Copyright ©2012 NPR. For personal, noncommercial use only. See Terms of Use. For other uses, prior permission required.

DAVID GREENE, HOST:

Fifty years ago, three men set out into the frigid waters of the San Francisco Bay, in a raft made out of raincoats. They were taking part in one of the most daring prison escapes in U.S. history.

(SOUNDBITE OF ARCHIVED NEWSCAST)

UNIDENTIFIED BROADCASTER: Agents of the FBI, Coast Guardmen, highway patrol, sheriff's deputies and local police join in the search. Whatever their fate, the three convicts have apparently accomplished a feat that many have tried, with no success.

GREENE: Most people assume the men have been at the bottom of the bay since the night they broke free from Alcatraz. But the legend has held that if they survived, the men would return on the 50th anniversary of their escape. Highly unlikely scenario. But that anniversary was yesterday, and NPR's Laura Sullivan spent the day on Alcatraz. She wasn't the only one.

LAURA SULLIVAN, BYLINE: Exactly 50 years ago, Frank Morris, and John and Clarence Anglin, looked out at these exact, same turbulent waters. And they knew that in just a few hours, they would be heading out in their homemade raft. It was such a brilliant plan - a year in the making. They tunneled their way out of their cells using, largely, kitchen spoons. And they climbed up the plumbing to the roof of this large, beige building behind me and shimmied down the drain pipe that's still hugging the wall right now. They ran down to the water and right here, set off. And they were never seen again.

MARIE WIDNER: I'll never believe they're dead. I don't believe they're dead.

SULLIVAN: Marie Widner is John and Clarence Anglin's little sister. She was in her 20s when she heard the news.

WIDNER: I was listening to the radio when they told about it. And I cut my iron off, and I run to my neighbor's house and I said, did you hear what was on the radio? My brothers escaped from Alcatraz.

SULLIVAN: Investigators eventually found a paddle, a couple life vests, a sealed plastic bag with letters and addresses - but no sign of the men.

Marie Widner and her sister, Mearl Taylor, came to the island yesterday with a few relatives to mark five decades passing since that night. Her brothers were bank robbers, sent here not because they were violent or dangerous, but because they had escaped from so many other prisons.

WIDNER: Authorities said they would never put them together anywheres because they liked to get together and plan out the escape. But they said - you know, brought them here - we're putting these brothers together; they will never get off of this island. And that was just what the boys wanted. They wanted to be together, cell by cell.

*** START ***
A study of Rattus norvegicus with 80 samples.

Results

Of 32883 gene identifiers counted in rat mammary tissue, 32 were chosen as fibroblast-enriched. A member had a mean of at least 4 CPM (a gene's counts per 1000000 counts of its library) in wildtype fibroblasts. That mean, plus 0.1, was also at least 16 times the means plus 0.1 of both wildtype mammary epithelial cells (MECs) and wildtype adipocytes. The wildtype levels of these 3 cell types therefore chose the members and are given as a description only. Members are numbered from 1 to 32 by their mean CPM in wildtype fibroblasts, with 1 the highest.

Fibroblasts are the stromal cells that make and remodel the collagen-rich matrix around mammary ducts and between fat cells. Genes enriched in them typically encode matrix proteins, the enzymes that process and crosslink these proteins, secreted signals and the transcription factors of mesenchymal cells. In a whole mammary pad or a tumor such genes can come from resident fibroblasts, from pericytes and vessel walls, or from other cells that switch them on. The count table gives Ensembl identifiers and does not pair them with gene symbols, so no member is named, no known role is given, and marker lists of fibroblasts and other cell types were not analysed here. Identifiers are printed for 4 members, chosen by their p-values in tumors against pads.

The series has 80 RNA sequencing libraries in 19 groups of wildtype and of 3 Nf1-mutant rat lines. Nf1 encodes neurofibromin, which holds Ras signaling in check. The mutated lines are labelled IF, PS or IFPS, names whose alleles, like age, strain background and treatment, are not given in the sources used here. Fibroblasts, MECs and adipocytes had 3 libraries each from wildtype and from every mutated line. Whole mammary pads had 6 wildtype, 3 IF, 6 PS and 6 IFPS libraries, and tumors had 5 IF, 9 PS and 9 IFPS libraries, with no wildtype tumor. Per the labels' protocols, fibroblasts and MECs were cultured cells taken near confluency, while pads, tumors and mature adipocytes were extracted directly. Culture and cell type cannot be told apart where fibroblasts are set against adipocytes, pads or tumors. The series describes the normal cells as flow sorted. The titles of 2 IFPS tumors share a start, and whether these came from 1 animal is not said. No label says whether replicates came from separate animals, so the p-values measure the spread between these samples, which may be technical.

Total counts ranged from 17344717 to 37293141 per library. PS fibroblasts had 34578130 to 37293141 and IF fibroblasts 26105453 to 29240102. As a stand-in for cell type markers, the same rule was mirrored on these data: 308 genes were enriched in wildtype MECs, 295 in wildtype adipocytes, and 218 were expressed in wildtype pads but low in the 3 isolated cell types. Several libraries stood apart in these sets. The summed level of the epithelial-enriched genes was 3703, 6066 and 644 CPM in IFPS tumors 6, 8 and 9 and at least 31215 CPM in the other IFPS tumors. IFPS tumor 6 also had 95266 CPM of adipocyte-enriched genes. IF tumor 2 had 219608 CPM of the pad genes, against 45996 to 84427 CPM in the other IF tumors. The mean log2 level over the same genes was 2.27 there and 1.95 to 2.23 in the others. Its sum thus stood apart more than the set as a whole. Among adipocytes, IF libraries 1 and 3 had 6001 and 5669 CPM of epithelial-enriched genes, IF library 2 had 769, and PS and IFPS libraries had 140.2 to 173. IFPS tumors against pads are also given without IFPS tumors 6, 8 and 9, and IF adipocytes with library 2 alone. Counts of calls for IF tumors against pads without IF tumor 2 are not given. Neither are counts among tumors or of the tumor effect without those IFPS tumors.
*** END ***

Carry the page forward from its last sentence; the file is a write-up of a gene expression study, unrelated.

SULLIVAN: She remembers a letter they sent home just before the escape.

WIDNER: They talked about the grass being greener on the other side. You know, think about it. That's saying, I'm not staying here. I'm getting out of here. That's what I took it as.

MICHAEL DYKE: It would be really nice to have answers. But some things, you never have answers for.

SULLIVAN: The Anglins weren't the only ones waiting on the island. U.S. Marshal Michael Dyke has been searching for the men for almost a decade - mostly in his free time.

DYKE: They could have died of old age; they could have died in 1962. It's hard to say. But until there's evidence to the fact that they're not alive anymore, I'm going to keep looking.

SULLIVAN: He knows what he would say if he saw them.

DYKE: Awesome escape. Way to go, staying out of trouble for so long. You're under arrest.

SULLIVAN: For a long time, the FBI and the marshals looked upon the Anglin's family as targets of their investigation. But in recent years, Marshal Dyke and Marie Widner have found themselves having long phone conversations, and sharing information. Both just want to know what happened. They hear lots of rumors. But there's never been any definitive proof the men made it to dry land.

Marie Widner doesn't really believe her brothers would return for an anniversary, though maybe a small part of her hoped they would come.

WIDNER: I really, really do believe the boys made it out of here. And I really do believe that the boys are alive today. Don't know where they are, have not heard from them. But my gut feeling tells me they are OK.

SULLIVAN: As the sisters boarded one of the last boats to San Francisco, there was no sign of the men. They'd all be in their 80s now. This time of year, you can see these tides funneling water past the island out under the Golden Gate Bridge. And it's hard to imagine three men in a boat made of raincoats, drifting away at midnight. But U.S. Marshal Michael Dyke says he'll keep looking for them until he can prove they're dead - as they may have been all along.

Laura Sullivan, NPR News, Alcatraz.

Copyright © 2012 NPR. All rights reserved. No quotes from the materials contained herein may be used in any media without attribution to NPR. This transcript is provided for personal, noncommercial use only, pursuant to our Terms of Use. Any other use requires NPR's prior permission. Visit our permissions page for further information.

NPR transcripts are created on a rush deadline by a contractor for NPR, and accuracy and availability may vary. This text may not be in its final form and may be updated or revised in the future. Please be aware that the authoritative record of NPR's programming is the audio.

Comments

 

Please keep your community civil. All comments must follow the NPR.org Community rules and terms of use, and will be moderated prior to posting. NPR reserves the right to use the comments we receive, in whole or in part, and to use the commenter's name and location, in any medium. See also the Terms of Use, Privacy Policy and Community FAQ.